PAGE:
The increase in the number of Covid-19 positive cases in the National Capital District is a worrying concern for the country and all citizens must adhere to the safety guidelines of the virus and keep themselves safe.
The Western Highlands Provincial Health Authority is concerned that Western Highlanders would be worst affected due to the number of flights that arrive in Mt Hagen from Port Moresby every day with only very basic screening possible.
It is also concerned that the Highlands Highway is open to all traffic with no roadblocks at the provincial borders and is urging all citizens to take every precautionary measure when travelling such as adhering to the 2-meter social distancing practice and frequent and proper hand washing.
During an emergency meeting of the WHPHA Covid-19 Task Force this morning, it was decided that strict controls would be imposed at the main entrance to Mt Hagen Hospital and everyone entering the hospital would be screened. As a minimum to enter the hospital a person’s temperature will be checked and on the basis of that they will be further screened or allowed to come into the hospital. This applies to patients and visitors alike, a spokesman for the hospital said.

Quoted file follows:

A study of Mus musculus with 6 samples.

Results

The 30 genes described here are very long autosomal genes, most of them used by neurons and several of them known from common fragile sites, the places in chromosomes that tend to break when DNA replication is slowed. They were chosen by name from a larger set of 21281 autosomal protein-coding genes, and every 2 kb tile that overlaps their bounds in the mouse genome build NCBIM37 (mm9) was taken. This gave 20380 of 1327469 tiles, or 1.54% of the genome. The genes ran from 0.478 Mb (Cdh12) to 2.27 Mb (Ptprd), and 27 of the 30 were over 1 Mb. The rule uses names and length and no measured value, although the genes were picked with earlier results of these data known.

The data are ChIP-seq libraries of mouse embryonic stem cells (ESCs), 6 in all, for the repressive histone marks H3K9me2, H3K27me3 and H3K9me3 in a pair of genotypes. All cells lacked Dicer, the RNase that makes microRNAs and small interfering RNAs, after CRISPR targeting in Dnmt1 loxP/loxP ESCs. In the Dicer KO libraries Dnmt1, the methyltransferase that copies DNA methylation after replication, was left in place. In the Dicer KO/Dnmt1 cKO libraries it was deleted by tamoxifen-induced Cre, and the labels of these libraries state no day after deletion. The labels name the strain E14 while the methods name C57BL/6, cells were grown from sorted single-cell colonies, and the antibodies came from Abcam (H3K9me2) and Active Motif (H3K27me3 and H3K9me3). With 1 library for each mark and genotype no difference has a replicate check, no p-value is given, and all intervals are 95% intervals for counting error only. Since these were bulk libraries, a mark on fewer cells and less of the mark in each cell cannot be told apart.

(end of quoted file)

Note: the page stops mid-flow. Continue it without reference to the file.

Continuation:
It further decided that all vehicles would be turned back at the front gate except for those belonging to staff with passes and those transporting critically-ill patients for the Emergency Department but all occupants would still need to be screened.
The main gate would be closed and only the small one would be open for people to enter which would also make it easy for temperature checks to be done on everyone entering the hospital premises.
Social distancing would also be maintained at the main gate, the car park, revenue section and the pharmacy and people would be encouraged to use the hand wash basin at the gate and wash their hands or use hand rub solution before entering the hospital premises.
Health Promotion teams would also be conducting awareness in the City as well as in the rural areas starting this week to further strengthen the messages previously delivered to ensure everyone understood the seriousness of the disease.